News 30 Jul 2015

Australian MXGP plans delayed until 2017

World championship won't return to Australia next year.

Image: Ray Archer.

Image: Ray Archer.

Plans for the MXGP World Championship to return to Australia in 2016 have been shelved, with MX Nationals boss Kevin Williams confirming discussions are now instead taking place for 2017.

During a press conference at last year’s Motocross of Nations, Youthstream president Giuseppe Luongo hinted at a possible grand prix return to Australia for the first time since 2001, however those movements have now stalled.

Speculation was sparked once again earlier this month when the provisional 2016 calendar was released featuring three rounds TBA on the mammoth 19-event schedule. It is anticipated that such an event will require a $1.5-million to $2-million budget to run at GP standards, making government financial support critical for it to go ahead.

Williams is eyeing a realistic 2017 return and will meet with Youthstream at the US GP in September. At that event he will discuss the infrastructure of fly-away events with Luongo while gaining a direct insight to rounds outside of Europe.

“I have confirmation to meet with Giuseppe and his crew at Glen Helen, to look at the infrastructure they use at fly-away races and put together what the costings will be for Australia, with the view to see if we can raise the money and government support to have a round in 2017,” Williams told

“I’d received a contract from the organisers to look at for 2016, but with a number of state governments changing and that type of thing, I wanted to go overseas and meet first-hand rather than through email correspondence. That will be the best way to get a proper understanding.”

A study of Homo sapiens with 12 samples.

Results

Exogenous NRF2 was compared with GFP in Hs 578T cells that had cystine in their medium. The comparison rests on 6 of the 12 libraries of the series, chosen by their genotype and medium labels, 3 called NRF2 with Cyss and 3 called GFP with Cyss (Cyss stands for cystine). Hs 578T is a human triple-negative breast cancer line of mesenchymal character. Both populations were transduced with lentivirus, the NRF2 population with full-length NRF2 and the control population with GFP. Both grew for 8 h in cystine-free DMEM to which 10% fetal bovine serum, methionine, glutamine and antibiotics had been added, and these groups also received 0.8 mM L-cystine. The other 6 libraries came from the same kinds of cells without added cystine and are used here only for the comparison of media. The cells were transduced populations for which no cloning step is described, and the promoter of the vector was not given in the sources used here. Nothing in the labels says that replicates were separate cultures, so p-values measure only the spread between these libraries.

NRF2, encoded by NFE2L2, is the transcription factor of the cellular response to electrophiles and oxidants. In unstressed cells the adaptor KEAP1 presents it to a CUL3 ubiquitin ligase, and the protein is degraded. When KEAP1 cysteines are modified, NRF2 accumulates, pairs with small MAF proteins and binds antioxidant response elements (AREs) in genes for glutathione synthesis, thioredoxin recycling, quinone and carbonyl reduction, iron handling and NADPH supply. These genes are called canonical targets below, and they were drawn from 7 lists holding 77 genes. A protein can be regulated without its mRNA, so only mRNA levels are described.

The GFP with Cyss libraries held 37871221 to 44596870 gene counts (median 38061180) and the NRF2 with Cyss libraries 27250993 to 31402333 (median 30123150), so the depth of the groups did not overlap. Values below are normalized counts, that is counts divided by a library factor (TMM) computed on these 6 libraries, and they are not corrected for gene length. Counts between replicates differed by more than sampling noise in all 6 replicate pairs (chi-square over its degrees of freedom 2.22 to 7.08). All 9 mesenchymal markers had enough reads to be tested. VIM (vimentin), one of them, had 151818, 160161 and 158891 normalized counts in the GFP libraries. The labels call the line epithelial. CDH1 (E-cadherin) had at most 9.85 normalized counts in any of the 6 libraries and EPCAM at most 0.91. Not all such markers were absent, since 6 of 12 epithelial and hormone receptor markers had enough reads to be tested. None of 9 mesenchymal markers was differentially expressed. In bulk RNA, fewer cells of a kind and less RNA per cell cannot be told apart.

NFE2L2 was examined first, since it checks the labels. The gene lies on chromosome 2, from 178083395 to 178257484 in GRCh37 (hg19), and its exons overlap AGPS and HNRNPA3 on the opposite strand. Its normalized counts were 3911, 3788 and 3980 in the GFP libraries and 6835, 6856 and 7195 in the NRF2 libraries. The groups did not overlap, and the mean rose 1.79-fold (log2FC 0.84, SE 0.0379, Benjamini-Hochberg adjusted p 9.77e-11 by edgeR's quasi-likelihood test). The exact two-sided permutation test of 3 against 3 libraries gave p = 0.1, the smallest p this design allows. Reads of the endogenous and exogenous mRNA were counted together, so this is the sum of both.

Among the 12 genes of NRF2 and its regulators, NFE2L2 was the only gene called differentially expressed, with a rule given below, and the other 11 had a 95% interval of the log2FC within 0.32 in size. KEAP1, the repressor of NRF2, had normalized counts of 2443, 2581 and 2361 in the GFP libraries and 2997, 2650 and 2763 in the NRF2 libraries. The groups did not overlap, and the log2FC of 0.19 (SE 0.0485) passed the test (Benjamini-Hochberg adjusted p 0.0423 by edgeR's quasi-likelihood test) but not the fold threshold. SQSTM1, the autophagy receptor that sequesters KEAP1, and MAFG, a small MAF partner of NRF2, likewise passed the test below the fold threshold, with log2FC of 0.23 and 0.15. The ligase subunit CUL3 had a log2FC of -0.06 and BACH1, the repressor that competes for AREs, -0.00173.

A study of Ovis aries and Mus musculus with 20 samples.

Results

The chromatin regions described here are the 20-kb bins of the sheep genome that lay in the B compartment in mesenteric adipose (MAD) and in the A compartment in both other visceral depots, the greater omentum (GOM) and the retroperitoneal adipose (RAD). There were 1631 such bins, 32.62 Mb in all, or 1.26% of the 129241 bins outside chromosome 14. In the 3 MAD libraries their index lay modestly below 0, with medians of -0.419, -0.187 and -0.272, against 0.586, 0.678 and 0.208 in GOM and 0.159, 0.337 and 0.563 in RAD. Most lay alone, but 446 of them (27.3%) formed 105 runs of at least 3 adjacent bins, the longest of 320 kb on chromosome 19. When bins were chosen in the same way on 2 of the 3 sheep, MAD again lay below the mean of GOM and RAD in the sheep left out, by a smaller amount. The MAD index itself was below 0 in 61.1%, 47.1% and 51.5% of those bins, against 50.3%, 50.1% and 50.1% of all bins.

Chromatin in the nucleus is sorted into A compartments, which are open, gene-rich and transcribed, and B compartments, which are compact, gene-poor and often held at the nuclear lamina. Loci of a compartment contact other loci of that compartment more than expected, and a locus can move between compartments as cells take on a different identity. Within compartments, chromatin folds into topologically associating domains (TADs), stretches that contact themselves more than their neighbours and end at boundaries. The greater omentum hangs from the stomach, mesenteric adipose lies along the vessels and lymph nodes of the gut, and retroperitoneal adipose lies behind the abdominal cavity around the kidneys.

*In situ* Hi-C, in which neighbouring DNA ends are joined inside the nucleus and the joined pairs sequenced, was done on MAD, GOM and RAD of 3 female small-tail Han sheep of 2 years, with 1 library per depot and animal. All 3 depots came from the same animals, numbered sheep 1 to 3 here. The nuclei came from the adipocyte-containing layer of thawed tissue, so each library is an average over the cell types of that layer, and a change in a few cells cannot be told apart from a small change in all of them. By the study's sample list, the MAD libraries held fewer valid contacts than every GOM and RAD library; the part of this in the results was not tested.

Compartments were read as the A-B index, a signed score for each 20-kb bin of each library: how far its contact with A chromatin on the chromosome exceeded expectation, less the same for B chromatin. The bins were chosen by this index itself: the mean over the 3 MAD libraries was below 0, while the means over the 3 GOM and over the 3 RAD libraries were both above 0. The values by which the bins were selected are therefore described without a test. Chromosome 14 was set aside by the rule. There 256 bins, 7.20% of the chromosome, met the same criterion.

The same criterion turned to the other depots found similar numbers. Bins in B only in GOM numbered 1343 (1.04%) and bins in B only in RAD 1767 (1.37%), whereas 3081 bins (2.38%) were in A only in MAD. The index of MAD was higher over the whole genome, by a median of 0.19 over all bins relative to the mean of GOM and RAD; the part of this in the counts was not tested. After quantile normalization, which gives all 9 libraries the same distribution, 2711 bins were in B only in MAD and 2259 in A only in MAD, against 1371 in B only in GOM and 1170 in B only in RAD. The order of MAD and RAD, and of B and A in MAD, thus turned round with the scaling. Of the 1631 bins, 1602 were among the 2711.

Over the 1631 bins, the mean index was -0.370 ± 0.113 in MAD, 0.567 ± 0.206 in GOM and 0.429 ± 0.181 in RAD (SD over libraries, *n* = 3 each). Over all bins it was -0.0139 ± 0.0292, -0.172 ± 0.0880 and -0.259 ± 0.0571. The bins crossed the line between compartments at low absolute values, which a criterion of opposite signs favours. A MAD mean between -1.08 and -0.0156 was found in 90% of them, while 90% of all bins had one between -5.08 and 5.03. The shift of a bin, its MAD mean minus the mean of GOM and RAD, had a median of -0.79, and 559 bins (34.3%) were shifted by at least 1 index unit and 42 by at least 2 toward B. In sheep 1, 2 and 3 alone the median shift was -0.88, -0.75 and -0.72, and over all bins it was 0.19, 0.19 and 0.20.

Williams revealed that he has up to four venues in mind for the event if MXGP does return to Australia under his management – Appin, Broadford, Coolum and Murray Bridge – pending government funding and the logistical challenges of accommodating world championship fixtures.

“The three venues we work with at the moment that I believe have the current capacity to stage a GP would be Broadford, Coolum and Murray Bridge, plus Appin would also be one. Victoria, South Australia, New South Wales and Queensland all have venues that are capable.

“So it’s just a matter of seeing what infrastructure we’d need to bring in, with respect to their mechanic and signal-zone area, the two-storey structure and all of those elements. That on its own, if it’s not negotiable, may knock Broadford out as a potential venue.”

Williams was heavily involved in Broadford’s historic pair of grand prix events during 2000 and 2001 as CEO of Motorcycling Victoria’s Major Events Unit at the time, which led to a boom of Australian talent on the world stage during that period. Currently Australia is represented by Todd Waters and Dean Ferris in the premier MXGP category.